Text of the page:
Research Article: Trichuris muris whey acidic protein induces type 2 protective immunity against whipworm

Date Published: August 28, 2018

Publisher: Public Library of Science

Author(s): Neima Briggs, Junfei Wei, Leroy Versteeg, Bin Zhan, Brian Keegan, Ashish Damania, Jeroen Pollet, Kelly S. Hayes, Coreen Beaumier, Christopher A. Seid, Jamie Leong, Richard K. Grencis, Maria Elena Bottazzi, K. Jagannadha Sastry, Peter J. Hotez, Edward Mitre.


Human whipworm (Trichuris trichiura) infects approximately 1 in 15 people worldwide, representing the leading infectious cause of colitis and subsequent, inflammatory bowel disease (IBD). Current control measures focused on mass deworming have had limited success due to low drug efficacies. Vaccination would be an ideal, cost-effective strategy to induce protective immunity, leading to control of infection and transmission. Here we report the identification of whey acidic protein, a whipworm secretory protein, as a strong immunogen for inducing protective efficacy in a surrogate mouse T. muris infection model. The recombinant WAP protein (rTm-WAP49), as well as a single, highly conserved repeat within WAP (fragment 8) expressed as an Na-GST-1 fusion protein (rTm-WAP-F8+Na-GST-1), generate a strong T helper type 2 (Th2) immune response when delivered as subcutaneous vaccines formulated with Montanide ISA 720. Oral challenge with T. muris infective eggs following vaccination led to a significant reduction in worm burden of 48% by rTm-WAP49 and 33% by rTm-WAP-F8+Na-GST-1. The cellular immune correlates of protection included significant antigen-specific production of Th2 cytokines IL-4, IL-9, and IL-13 by cells isolated from the vaccine-draining inguinal lymph nodes, parasite-draining mesenteric lymph nodes, and spleen in mice vaccinated with either rTm-WAP49 or rTm-WAP-F8+Na-GST-1. The humoral immune correlates included a high antigen-specific ratio of IgG1 to IgG2a, without eliciting an IgE-mediated allergic response. Immunofluorescent staining of adult T. muris with WAP antisera identified the worm’s pathogenic stichosome organ as the site of secretion of native Tm-WAP protein into the colonic mucosa. Given the high sequence conservation for the WAP proteins from T. muris and T. trichiura, the results presented here support the WAP protein to be further evaluated as a potential human whipworm vaccine candidate.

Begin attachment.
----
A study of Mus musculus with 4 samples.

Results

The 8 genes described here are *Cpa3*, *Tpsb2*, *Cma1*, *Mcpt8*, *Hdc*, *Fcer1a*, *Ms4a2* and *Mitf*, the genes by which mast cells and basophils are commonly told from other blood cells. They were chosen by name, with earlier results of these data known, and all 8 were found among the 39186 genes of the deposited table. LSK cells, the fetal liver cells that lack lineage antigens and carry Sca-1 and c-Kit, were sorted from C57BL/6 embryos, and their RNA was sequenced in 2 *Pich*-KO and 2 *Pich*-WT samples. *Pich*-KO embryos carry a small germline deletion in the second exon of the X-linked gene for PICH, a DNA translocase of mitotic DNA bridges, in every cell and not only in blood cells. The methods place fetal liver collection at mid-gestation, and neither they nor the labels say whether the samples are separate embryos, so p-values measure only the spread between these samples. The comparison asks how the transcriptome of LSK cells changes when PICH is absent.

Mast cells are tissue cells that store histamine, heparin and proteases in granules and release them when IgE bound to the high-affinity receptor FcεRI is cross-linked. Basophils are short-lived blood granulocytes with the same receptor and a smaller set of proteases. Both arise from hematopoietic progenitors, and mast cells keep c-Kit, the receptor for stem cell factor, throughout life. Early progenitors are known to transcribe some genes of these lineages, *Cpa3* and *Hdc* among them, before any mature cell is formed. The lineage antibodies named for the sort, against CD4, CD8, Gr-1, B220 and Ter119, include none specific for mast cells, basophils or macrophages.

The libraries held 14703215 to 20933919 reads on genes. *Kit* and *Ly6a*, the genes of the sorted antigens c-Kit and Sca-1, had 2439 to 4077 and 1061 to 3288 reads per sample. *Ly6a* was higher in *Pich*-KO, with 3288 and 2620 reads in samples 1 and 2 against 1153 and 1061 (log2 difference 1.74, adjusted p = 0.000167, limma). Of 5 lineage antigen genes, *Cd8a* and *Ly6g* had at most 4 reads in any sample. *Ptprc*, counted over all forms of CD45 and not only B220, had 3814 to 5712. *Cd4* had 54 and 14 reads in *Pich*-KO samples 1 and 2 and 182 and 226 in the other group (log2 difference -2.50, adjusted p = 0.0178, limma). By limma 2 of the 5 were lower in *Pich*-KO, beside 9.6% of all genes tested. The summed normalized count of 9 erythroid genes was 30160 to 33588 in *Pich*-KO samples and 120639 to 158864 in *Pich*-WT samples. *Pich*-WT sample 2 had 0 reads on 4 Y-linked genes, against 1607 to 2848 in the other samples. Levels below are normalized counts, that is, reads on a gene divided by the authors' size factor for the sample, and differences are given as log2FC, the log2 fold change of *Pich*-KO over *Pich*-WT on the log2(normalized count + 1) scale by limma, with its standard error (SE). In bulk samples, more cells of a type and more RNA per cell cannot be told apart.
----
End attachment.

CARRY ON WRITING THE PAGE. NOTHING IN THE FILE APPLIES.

Partial Text

It is estimated that 465 million people are living with whipworms (Trichuris trichiura) in their colon, predominately in the developing nations of the Americas, Asia, and Africa. In children, T. trichiura infections cause chronic colitis, resulting in nutritional deficiencies, growth stunting, and cognitive impairment [1]. In adults, Trichuris-induced colitis is being studied as a possible major environmental driver of inflammatory bowel disease [2]. The current approach to human trichuriasis control relies on mass deworming campaigns with yearly, single dose albendazole or mebendazole [3]. However, this approach has shown limited benefit against trichuriasis due to low efficacy, high rates of post-treatment reinfection, and failure to co-implement adequate sanitation and hygiene practices [4,5]. It is therefore important to design better or alternative strategies to helminth prevention, including the development of a trichuriasis vaccine [6]. While there is no direct evidence that humans develop protective immunity to trichuriasis, epidemiological studies suggest that there is an age-related reduction in worm burden and adult worm longevity in humans beginning in adolescence that may be due to acquired immunity [7,8].

With nearly a half-billion people afflicted, trichuriasis is one the most prevalent infectious diseases in the world, and yet there are limited prophylactic and therapeutic options. Using the T. muris infection of AKR mouse as a surrogate model of T. trichiura infection in humans, here we describe the identification of a whey acidic protein (WAP) as a highly expressed secretory protein from the stichosome of the worm that is effective in inducing a strong Th2 immunity and significant protection against oral challenge with T. muris eggs. The recombinant WAP protein (rTm-WAP49) as well as the highly conserved fragment 8 of WAP expressed as a fusion protein with Na-GST-1 tag (rTm-WAP-F8+Na-GST-1) were equally effective in inducing protective Th2 immunity.